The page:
Biometric security predictions for 2018


Yes, biometrics can replace existing authentication technology today but there is a lot of work to be done and additional security layers are needed to be commercially viable. For example, I do not regard FaceIT from Apple as secure due to twins and printed masks that have been proven to thwart the technology. In addition, biometrics should only be used for authentication or authorisation but never both at the same time. Biometrics alone, without a pin or other verification media is insufficient. The policies and technologies need to evolve to ensure a fingerprint or face ID alone cannot jeopardise the integrity of the system and that security policies for storage, encryption, and even biometric rotation (like password rotation) can be successfully implemented and enforced.

When should biometrics augment existing solutions?

Consider any security model that is easy to document or communicate via paper, verbally, electronically, or even via a text message. A username and password or pin is a traditional example of this. Both strings are easy to document. Biometrics is a great addition to this type of technology and ensures the proper identity is actually the one trying to authenticate since biometrics cannot be communicated; only spoofed.

When should biometrics never be used?

Biometrics should never be used alone for access, regardless of authentication or authorisation.
Door locks are a perfect example of this problem. A stolen fingerprint can easily be manufactured to bypass the physical security of the device and compromise the contents behind the door. A second example is a mobile device. A fingerprint is used for authorisation and authentication in the case of logging in, potentially accessing a financial mobile pay app. While this is not as risky as a biometric door look, since it assumes you have possession of the device, it represents an unacceptable risk for entities securing more information than just a consumers device, personal financials, and information. I would never allow an application on a mobile device that uses its local biometric system alone to access sensitive data within an organisation. There should always be a second mechanism on top of that to prove the user’s identity. This could just be a basic pin. Biometrics should never allow full access alone without another form of challenge and response.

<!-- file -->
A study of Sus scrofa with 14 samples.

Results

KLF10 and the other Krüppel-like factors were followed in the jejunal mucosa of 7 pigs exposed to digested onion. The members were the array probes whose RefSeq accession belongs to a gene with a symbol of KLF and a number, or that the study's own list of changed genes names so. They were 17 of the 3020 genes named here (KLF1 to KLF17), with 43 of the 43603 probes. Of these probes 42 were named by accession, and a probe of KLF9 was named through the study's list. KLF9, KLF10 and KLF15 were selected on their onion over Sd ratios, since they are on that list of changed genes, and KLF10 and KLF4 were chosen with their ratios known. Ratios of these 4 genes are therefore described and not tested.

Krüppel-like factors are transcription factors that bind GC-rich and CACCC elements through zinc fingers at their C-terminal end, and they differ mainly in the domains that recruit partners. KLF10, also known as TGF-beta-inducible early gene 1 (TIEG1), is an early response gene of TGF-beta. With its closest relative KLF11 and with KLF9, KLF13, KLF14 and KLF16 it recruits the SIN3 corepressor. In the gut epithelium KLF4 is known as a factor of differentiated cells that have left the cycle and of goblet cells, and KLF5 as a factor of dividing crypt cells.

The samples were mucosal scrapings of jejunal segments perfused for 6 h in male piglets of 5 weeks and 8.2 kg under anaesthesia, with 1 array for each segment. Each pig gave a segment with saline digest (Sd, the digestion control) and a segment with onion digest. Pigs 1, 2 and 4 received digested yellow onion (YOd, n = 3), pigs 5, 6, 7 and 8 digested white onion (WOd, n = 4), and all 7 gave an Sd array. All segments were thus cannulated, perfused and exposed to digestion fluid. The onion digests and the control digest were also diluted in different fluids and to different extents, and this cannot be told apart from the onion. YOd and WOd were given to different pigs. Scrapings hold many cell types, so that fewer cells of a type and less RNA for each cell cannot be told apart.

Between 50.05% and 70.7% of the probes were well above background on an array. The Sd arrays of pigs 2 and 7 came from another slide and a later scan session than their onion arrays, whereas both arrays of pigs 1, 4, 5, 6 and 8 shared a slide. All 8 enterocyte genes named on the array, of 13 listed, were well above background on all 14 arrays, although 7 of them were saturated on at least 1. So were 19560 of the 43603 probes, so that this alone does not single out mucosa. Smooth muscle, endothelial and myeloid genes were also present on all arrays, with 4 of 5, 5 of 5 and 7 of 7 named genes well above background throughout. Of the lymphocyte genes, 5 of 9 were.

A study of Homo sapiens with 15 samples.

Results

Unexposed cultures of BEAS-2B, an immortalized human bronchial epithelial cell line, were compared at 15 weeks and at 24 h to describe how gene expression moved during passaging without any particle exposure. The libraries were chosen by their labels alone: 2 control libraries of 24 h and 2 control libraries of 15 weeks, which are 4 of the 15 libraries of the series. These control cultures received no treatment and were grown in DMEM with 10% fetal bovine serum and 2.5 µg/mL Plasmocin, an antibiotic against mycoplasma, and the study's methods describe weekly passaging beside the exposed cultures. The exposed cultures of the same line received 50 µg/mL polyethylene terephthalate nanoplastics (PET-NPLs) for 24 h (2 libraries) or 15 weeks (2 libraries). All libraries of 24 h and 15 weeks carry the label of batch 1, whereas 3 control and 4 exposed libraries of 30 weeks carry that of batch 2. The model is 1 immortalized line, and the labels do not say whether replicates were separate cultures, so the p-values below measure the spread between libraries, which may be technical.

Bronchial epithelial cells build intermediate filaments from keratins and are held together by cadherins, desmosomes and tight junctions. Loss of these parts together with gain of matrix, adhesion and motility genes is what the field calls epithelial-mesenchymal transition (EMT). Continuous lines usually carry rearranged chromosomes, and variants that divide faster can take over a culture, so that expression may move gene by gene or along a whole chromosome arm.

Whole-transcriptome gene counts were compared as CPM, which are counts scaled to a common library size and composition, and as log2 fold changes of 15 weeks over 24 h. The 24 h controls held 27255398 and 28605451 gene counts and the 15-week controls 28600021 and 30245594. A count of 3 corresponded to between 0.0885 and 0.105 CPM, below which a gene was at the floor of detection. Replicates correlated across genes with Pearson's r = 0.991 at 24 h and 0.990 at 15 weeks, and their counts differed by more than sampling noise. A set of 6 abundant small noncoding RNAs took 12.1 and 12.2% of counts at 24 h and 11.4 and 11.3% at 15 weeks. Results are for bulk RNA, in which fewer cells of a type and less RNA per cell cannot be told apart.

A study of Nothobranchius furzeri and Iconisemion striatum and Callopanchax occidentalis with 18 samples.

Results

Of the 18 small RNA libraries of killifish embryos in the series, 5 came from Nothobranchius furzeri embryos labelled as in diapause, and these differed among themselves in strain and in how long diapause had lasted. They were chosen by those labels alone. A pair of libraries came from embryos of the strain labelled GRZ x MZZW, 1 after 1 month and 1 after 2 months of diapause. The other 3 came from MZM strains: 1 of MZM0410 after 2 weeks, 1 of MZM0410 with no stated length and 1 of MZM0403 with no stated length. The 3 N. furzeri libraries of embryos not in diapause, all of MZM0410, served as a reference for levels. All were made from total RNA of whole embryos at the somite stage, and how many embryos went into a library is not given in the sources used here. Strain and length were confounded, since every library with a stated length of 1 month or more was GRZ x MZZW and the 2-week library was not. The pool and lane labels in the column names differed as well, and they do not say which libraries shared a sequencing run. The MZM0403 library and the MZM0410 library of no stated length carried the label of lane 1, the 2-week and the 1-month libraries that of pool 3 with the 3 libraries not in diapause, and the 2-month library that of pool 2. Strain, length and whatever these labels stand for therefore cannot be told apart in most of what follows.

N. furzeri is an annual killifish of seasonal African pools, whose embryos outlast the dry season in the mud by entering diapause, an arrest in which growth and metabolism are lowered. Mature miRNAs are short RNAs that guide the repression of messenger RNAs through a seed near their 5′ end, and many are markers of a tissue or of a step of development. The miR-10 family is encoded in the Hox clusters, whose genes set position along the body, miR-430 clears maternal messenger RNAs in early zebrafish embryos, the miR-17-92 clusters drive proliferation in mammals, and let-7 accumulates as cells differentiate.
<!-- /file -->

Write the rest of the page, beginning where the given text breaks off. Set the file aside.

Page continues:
Are there processes in place to purge or archive biometric data? What is the data retention policy for it?

The introduction of biometrics is beginning to challenge our current security policies for password retention and password age. For example, how often should a user change which fingerprint is stored in the system from the thumb to the little finger and the other hand. How do you address injuries or handicapped individuals? Does rotating your fingers periodically actually make you more secure? I would argue it does. With that in mind, how do you accommodate biometric history similar to password history? There needs to be policies developed per organisation that keeps biometric data for a finite time and purged when obsolete. Modelling the data after current policies like every 30 days for a new finger makes senses but exceptions will always occur and as discussed above, the pin or password associated with the biometrics should be rotated as well. All of these need to be documented and incorporated into existing security policies and propagated to the end users in the form of employee handbooks and security training.